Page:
A few days ago, a woman in Bel Air posted an ad on Craigslist looking for a "feminism tutor" for her 22-year-old son. The ad since been removed, but here's what it said:
"My son, Nate, is 22 and a student at UCLA. He has been struggling the whole quarter with his gender studies class that focuses on feminism and feminist theories, and he has a big paper that will be due in a few weeks, and he has not even started. He's a very typical young man his age — finds the whole idea of feminism and gender studies boring and uninteresting. However his graduation is dependent on successfully finishing this class. I'm looking for someone who is knowledgeable in this subject and can meet with him 2-3 times a week and help him develop and bring this paper to fruition. We live in Bel-Air near UCLA and you can either meet him here, at any campus library or over lunch (he's quite the sophisticated young man who enjoys elegant restaurants!) I anticipate he will not need more than 1-2 weeks worth of time to prepare this."
The ad was funny! It got picked up by Jezebel and mocked on Twitter and Facebook. In two succinct paragraphs, it seemed to sum up what's wrong with parents, millennials, men, higher education, rich people, capitalism and Southern California. It was a gift from the Internet gods.
On Tuesday, I emailed the woman who placed the ad. She was out of town, she wrote, and sent me her son's email address and cell number. She signed the email, "Dr. Alexandra Rose, Phd."
I chatted with Nate for about a half-hour. He told me he was a senior majoring in business economics but had a minor in gender studies. He needed help with Gender Studies 10, in which he said he was one of two men and felt his opinions weren't respected. His professor was named Elizabeth Marchant.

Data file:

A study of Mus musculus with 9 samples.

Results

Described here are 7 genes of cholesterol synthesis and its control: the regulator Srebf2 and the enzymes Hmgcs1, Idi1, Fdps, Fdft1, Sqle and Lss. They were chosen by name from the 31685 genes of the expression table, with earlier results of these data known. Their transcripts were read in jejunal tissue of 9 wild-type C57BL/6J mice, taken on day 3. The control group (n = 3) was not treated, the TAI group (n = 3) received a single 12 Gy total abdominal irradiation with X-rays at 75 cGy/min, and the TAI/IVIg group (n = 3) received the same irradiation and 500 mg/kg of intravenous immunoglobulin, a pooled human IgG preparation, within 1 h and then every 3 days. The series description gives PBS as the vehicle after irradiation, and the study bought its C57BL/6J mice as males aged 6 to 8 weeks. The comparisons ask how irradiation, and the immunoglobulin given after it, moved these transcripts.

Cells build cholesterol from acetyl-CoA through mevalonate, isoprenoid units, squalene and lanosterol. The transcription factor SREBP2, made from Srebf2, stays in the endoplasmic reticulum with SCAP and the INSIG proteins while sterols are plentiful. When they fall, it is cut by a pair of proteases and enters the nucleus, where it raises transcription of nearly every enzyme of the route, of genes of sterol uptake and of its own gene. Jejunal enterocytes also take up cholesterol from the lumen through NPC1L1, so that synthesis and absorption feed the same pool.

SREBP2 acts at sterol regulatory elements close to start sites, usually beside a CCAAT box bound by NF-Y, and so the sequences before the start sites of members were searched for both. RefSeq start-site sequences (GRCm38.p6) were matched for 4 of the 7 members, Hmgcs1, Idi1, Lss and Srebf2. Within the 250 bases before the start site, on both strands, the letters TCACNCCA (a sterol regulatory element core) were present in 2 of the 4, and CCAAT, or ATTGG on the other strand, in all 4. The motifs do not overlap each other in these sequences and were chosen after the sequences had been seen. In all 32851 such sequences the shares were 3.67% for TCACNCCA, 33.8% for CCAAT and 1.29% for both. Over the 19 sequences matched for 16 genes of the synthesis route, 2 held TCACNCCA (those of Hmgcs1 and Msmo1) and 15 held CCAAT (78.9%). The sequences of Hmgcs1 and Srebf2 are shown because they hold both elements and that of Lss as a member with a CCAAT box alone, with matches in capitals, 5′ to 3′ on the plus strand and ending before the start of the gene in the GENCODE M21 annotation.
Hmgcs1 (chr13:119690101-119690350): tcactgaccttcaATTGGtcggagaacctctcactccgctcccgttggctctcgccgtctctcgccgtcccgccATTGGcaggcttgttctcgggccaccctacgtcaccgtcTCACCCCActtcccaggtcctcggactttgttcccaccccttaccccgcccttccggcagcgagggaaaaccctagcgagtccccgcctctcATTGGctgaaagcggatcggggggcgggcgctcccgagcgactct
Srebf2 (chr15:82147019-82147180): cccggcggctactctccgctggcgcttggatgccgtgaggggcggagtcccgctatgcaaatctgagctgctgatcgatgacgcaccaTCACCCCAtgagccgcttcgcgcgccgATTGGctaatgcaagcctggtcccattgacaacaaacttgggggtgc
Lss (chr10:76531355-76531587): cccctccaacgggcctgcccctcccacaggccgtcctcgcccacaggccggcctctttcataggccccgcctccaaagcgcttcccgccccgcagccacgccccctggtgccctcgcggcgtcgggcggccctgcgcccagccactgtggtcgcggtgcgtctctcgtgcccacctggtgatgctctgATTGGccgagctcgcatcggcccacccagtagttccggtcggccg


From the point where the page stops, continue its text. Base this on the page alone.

Nate bragged about his mother, a psychoanalyst, and his father, a lawyer. He said he assumed his mother would pay his tutor about $100 an hour. They had already received lots of responses.
When we got off the phone, I googled Nate's father, but I couldn't find any lawyers in California with his name. There didn't seem to be a psychoanalyst named Alexandra Rose. "Nate Schermer" was basically a cipher. So, I emailed Marchant to find out if he was in her class: "I'm not teaching this quarter."
I called "Nate" back after seeing his email address connects to a guy named Nader Kashani online and Nate Kashani on Facebook. He texted me a link to his Facebook and quickly offered some more details on his parents. The Facebook profile photo was new, and it was the same one used by Nader/Nate Kashani — and a Nader Modgeddi.
Here, the online trail gets uglier. "Nader Modgeddi is a student at Penn State University who harasses Women on social media," the anti-harassment site Male Violence reported. That site has saved files of almost 40 pages of vile tweets Modgeddi directed at various women in 2014. Twitter is littered with complaints about his behavior.
I told "Nate" I'd be happy to speak again if he wanted to be honest. He said he's 27, not 22, and he's not enrolled at UCLA. He made up the ad "to see what kind of responses it would get." The whole thing was "sort of like a joke."
This casts the ad in a scarier light: A guy accused of serial harassment places an ad to meet with an expert in feminism. Before he confessed, "Nate" said one of the topics frequently discussed in class was campus sexual assault:
"Life is about mitigating risk. ... People don't say, 'Don't blame that person; she left her diamond ring in the car and unlocked.' ... But when it comes to the crime of rape, people say it was fine that you blacked out on a densely populated campus at 3 a.m."
When we first spoke, I asked him if he was surprised by how much attention his mom's ad has received thus far. "I understand the culture of the Internet and how people are," he said. "There's always a handful of people looking to cause controversy."